Whether you are planning a special meal or looking for a gift, it is important to get the right ingredients. If you work long hours or live outside of a big city, it may be hard to find what you want locally. Luckily, there are many good options online, if you know where to look. Here are five of our recommendations for where to score on some of the highest-quality gourmet and international food on the web.

Food52’s Pantry

You may know Food52 for their mouth-watering blog. This powerhouse foodie publication also boasts a top-rate shop with kitchen gear, home decor, books, and pantry items. The Pantry is stocked with experimental and delectable edibles such as nettle pasta and culinary Argan oil. All in the same curated store, you will come across individual hits such as beer-pretzel and burnt toast caramels, monthly clubs for snacks of the likes of Olympic Provisions’ Salami, and libations such as the West Coast Pinot Noir Collection. A particular standout, the Limited Edition Nettle Radiators (two 16-ounce bags for $23) are flavorful green pastas made in Brooklyn by Sfoglini. In crafting the pasta, Sfoglini blanched, puréed, and then combined the nettles with the semolina flour for more mellow, savory taste. The resulting pasta makes a lovely springtime dish, ideal for your next dinner party.


The self-explanatory ChefShop is a go-to for chefs of all stripes. Based in Seattle, this farm-to-table business focuses on sourcing fresh, uncommon ingredients from family-owned producers. Their finds include the likes of D’Arbo elderflower syrup, Mama Lil’s pickled green beans, and Miscela d’Oro 100% Arabica Decaf Beans (recommended by Edwin Garrubo in his espresso interview). You can find these items and more arranged by type of ingredient, region, season, chef recommendation, and producer. The setup encourages you to think creatively.

One of the most tempting offerings available from ChefShop today is the Banyuls Vinegar, a naturally sweet wine vinegar from Banyuls-sur-Mer on the Southern coast of France. The small-batch condiment is made from 50% Grenache noir, 40% Grenache gris, and 10% Carignane grapes; aged in oak barrels; and seasoned with a splash of older vinegar. Crack the bottle open for unrivaled vinaigrettes and glazes worthy of the best meats, fruits, and vegetables.

Marx Foods

Another gem serving Seattle, Washington, and beyond, Marx Foods is fifth-generation family business that started out as a distributor to high-end restaurants. In 2007, they expanded to offer fine food and wholesale ingredients to home chefs as well. Marx Foods maintains the quality, authenticity, and star power of their products, whether you’re talking edible flowers for a wedding cake or wild boar for an unforgettable barbeque. Once upon a time, you would likely not have tried wild hog unless you went into the woods and hunted it yourself or bought meat of unknown quality from a daring countryman. Through Marx Food, even a city-slicker can try genuine wild boar without the element of danger. Available in cuts such as St. Louis-style spare ribs ($122 for 10 pounds of boneless meat), Marx Food’s boar is caught in the hill country of Texas, USDA-inspected, and certified free of hormones and antibiotics. You would be hard-pressed to find a healthier entree for your summer BBQ.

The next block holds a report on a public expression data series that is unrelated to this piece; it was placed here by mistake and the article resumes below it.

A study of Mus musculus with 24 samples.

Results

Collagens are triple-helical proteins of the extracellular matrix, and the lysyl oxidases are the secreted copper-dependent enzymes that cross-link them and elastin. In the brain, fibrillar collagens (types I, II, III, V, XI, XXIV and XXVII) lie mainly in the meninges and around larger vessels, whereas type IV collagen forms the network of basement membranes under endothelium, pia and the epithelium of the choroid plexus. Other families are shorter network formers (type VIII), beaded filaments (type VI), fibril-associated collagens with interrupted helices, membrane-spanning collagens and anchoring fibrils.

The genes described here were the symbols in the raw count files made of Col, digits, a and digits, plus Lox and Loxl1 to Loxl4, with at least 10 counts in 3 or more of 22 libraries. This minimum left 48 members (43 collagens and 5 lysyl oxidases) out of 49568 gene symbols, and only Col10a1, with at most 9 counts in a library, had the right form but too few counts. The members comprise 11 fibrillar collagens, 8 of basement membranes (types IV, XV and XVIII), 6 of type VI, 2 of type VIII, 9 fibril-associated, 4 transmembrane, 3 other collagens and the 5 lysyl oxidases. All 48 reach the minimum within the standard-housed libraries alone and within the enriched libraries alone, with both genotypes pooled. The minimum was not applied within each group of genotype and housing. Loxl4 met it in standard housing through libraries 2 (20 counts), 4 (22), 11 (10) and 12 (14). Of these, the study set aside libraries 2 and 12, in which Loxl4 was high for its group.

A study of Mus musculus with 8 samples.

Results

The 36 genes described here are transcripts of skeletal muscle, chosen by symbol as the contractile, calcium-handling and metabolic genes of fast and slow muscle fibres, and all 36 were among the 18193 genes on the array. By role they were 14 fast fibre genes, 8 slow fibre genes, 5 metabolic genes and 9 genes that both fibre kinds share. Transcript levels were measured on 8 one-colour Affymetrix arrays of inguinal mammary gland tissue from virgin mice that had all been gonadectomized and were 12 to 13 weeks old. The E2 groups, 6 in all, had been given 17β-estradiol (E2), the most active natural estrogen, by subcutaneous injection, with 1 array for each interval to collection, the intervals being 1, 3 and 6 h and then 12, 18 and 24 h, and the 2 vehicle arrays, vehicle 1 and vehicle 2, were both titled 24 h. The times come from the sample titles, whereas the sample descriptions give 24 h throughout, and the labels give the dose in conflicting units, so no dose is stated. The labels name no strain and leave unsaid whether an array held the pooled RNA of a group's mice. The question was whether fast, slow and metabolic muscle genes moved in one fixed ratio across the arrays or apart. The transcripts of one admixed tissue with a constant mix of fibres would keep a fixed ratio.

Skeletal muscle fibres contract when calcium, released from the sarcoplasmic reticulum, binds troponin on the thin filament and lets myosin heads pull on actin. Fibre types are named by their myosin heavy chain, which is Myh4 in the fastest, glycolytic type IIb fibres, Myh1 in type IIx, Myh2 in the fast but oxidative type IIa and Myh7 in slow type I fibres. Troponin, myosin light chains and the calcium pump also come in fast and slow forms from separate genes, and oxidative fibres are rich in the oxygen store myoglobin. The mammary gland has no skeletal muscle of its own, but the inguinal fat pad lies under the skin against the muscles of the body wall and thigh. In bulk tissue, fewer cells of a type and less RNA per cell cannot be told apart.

Oliviers & Co.

Oliviers & Co. is a true specialty store with a taste for extra virgin olive oil. Bottling only olive oil made in the Mediterranean, O&CO selects oils that are hand-harvested from ripe olives and freshly pressed in clean, perfectly heated conditions. All of the oils are then tested by the “olive oil sommelier” Eric Verdier, and sold to restaurants such as the acclaimed French Laundry and to individuals who simply know good flavor when they taste it. O&CO sells a variety of pure and infused olive oils, spreads, baked goods, and even skincare. Their simple Tuscan olive crackers are a steal at just $5 for a party-sized melt-in-your-mouth galette studded with Frantoio green olives. Balancing sweetness and bitterness, the crackers make a tasty snack, aperitif pairing, or side with anything from a ricotta spread to a tomato soup.

The Spice Trader

Based in Toronto, Canada, The Spice Trader sells small-batch spices from around the world. Their goods are mostly organic and, when that is not possible, all-natural or harvested in the wild. None of their products are filled with additives such as sugar, MSG, salt, or other preservatives. Pure and fresh, their spices are brighter and more complex in taste than counterparts found in a supermarket or ordered in bulk. A superior choice for cooking, baking, and bartending, their spices are packaged in airtight tins that protect the flavor for as long as possible and bring a touch of vintage charm to the kitchen. Check out their Fish Box for a cute set of eight spices that promises to add kick to your next seafood dish. The collection includes bouquet garni, dill seed, pasilla chili, Mahone Bay spice, lemon thyme, yellow mustard powder, black sesame seeds, and lime peel powder, bundled together in an attractive tin and priced at $50.